Nursing enrollment in baccalaureate, masters, and doctoral programs has increased significantly in recent years. Infact, the American Association of Colleges of Nursing (AACN) just released data that shows the greatest gains are in baccalaureate degree-completion programs and the practice-focused doctorate. AACN’s 2014 survey data revealed enrollment growth at all levels, including students in entry-level baccalaureate programs and RN-to-BSN programs.
While a diploma, an associate's degree, and a bachelor's of science degree in nursing all qualify a candidate for licensure, there are distinct differences in the programs: nursing diplomas are usually awarded by hospitals, an associate degree is granted by a two-year community or junior college, and a bachelor's degree is earned at a four-year college or university.
Realizing that an RN license alone is not enough in today's healthcare environment, many are opting for a BSN, both new students and those looking to build on their initial education at the diploma or associate degree level.
Some nurses are taking their education even further:
• A Master's of Science in Nursing (MSN) prepares graduates to be advanced practitioners in the healthcare system, serving as clinical nurse specialists, nurse practitioners, nurse administrators, nurse educators, and nurse researchers.
• A Doctor of Nursing Practice (DNP) prepares graduates as clinical experts set to lead innovation and improvement in nursing practice and health care. DrNP is a hybrid degree that combines advanced clinical practice and academic research.
• A Doctor of Philosophy (PhD) in nursing prepares nurse scientists for careers particularly in research intensive environments. Graduates of a doctoral program hold leadership and research positions in academia, government, health systems and industry.
Advanced degrees in nursing are not just a luxury; they are becoming a requirement. Several states have proposed legislation requiring all registered nurses obtain their bachelor's of science degree within 10 years of initial licensure, and many hospitals have implemented a BSN requirement for nursing staff.
The Institute of Medicine’s (IOM) Future of Nursing report makes recommendations to increase the proportion of nurses with a baccalaureate degree to 80 percent and to double the number of nurses with a doctorate by 2020.
Nurses have many options to choose from to meet their career needs and goals. Whether you are a nursing student, a recent nursing school graduate, or a nurse thinking about continuing your education, there's no lack of nursing education opportunities.
If you have a BSN or higher, what influenced your decision to obtain an advanced degree?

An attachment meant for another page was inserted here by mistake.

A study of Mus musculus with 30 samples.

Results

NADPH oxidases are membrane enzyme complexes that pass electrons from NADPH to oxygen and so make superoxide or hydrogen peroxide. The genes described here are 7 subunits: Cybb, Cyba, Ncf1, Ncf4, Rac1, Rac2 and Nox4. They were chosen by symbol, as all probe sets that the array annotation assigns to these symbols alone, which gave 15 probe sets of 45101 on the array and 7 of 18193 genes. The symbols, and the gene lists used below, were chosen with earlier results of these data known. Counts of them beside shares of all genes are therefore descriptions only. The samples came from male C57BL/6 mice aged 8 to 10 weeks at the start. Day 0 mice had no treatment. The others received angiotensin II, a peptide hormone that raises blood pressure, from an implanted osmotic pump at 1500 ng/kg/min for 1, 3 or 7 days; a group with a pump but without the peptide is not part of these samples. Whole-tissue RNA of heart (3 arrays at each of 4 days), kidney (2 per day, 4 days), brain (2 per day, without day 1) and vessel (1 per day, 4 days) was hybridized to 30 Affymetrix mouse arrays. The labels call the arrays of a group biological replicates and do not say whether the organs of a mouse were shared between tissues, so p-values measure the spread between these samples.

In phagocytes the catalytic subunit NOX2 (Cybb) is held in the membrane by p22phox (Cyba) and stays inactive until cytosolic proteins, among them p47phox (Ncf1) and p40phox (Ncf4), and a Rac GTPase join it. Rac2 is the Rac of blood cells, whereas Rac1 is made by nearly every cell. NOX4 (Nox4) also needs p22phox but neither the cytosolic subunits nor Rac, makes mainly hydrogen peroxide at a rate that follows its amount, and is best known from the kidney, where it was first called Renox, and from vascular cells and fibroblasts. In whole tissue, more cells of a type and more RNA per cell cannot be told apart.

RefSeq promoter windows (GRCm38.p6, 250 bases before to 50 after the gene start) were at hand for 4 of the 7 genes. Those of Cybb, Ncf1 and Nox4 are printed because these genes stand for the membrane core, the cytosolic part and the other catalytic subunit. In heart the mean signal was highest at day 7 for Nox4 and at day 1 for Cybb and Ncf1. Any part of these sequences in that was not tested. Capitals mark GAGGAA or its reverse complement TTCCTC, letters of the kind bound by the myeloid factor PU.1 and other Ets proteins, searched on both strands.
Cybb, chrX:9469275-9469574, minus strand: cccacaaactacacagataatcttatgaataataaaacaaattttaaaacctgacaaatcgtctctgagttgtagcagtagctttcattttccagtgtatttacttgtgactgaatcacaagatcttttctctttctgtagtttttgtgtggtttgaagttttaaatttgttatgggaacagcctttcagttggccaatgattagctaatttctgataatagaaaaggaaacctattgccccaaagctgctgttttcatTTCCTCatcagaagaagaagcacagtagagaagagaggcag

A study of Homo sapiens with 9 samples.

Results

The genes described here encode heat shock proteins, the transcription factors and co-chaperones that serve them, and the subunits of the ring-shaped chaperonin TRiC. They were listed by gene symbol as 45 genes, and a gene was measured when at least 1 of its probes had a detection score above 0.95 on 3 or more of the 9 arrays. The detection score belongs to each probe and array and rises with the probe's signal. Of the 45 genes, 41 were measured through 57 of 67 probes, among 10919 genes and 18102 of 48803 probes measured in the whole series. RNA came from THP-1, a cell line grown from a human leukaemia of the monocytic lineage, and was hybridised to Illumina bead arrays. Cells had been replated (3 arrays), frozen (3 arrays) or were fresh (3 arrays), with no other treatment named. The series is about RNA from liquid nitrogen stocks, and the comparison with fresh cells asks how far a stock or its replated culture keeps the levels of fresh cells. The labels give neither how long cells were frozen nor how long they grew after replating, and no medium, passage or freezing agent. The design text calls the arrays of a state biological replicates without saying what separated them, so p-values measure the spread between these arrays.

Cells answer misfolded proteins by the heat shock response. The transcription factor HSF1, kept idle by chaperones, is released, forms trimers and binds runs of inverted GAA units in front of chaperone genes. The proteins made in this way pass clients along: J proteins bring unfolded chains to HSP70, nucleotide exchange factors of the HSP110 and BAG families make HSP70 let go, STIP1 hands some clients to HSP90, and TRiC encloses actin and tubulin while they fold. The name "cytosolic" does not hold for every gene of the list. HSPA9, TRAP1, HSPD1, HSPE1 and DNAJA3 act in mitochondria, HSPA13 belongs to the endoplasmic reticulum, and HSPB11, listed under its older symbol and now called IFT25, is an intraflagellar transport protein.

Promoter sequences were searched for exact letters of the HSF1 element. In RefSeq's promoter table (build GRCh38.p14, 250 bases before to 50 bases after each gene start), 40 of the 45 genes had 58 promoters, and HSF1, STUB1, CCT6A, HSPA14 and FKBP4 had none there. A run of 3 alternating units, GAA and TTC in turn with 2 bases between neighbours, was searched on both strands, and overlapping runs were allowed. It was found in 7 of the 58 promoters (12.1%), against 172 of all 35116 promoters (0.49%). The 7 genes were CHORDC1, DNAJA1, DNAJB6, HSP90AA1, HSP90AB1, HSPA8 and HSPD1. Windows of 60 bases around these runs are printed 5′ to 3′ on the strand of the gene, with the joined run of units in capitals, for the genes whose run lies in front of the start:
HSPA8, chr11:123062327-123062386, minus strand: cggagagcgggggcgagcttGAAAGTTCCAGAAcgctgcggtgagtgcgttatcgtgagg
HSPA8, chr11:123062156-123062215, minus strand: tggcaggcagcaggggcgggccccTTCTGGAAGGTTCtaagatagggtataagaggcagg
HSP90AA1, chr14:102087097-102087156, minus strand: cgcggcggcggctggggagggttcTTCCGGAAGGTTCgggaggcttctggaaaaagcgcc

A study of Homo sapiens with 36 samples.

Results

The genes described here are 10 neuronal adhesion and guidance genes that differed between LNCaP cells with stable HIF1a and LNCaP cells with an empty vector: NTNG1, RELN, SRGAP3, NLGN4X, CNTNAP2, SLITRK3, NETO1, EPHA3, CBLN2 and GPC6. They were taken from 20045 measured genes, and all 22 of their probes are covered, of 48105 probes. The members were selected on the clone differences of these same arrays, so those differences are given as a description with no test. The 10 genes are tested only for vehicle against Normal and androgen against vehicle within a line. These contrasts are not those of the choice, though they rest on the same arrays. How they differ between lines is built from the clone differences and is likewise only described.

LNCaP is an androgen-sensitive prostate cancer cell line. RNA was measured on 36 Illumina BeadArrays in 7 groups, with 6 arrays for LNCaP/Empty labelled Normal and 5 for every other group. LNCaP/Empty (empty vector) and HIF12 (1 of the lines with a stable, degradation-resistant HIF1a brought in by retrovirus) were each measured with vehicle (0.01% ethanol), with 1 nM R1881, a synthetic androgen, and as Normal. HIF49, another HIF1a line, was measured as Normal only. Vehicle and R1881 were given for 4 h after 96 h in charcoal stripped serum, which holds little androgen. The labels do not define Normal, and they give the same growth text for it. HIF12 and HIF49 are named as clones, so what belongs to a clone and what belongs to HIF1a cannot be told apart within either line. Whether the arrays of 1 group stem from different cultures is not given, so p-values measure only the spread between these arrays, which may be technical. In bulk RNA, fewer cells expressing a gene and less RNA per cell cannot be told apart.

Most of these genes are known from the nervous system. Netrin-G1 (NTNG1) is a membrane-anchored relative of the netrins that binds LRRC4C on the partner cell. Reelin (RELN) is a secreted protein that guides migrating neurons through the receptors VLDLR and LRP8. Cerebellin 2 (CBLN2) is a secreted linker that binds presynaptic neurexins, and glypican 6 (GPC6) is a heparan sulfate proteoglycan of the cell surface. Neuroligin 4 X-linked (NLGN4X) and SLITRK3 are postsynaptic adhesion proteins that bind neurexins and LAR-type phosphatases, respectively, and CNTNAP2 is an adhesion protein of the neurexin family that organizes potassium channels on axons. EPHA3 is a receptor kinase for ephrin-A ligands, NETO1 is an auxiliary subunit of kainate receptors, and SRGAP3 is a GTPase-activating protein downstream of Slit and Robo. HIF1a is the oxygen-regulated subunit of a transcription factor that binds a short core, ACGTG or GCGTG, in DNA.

I entered the nursing profession with a baccalaureate degree in 1983 and began work in an acute care hospital. I registered for my first MSN class in the fall of 1983, inspired by peers at work who were continuing their education. It took 5 years to complete my MSN. I returned to school in 1983 because I was in the habit of taking classes, I attended classes with friends, the hospital I worked for had a tuition reimbursement program, my parents were supportive of continued education, and I felt increased education would allow me employment options.
Seventeen years later I went back to school for an EdD, I plan to complete my capstone research and graduate within the next 12 months. I returned to school because I had the support of peers at work, the institution I work for has a generous tuition reimbursement program, and a terminal degree will allow me employment options in the academic setting.
For me, the decision to return to school has involved social support, economic support, and increased opportunity for employment advancement.
Thanks for the read,
It is so lucky for you that your career allowed you to do this! I graduated with a BSN in '80. My plan always was to continue. I started taking graduate classes in 1982 but had married and my then-spouse's career moved us away from the school I hoped to attend. Took the GREs more times than I want to count. But then supported family through their education and now am too old (approaching 60) and tired to try to go for a degree even part time. I have taken graduate courses here and there with the hope to make it work, but just don't think it is going to happen in this lifetime. Plus I still struggle with the programs - I do not want to be an NP....maybe I need to think about an on-line degree. I always advise young colleagues to try to get their MSN before they get married and start a family if they can!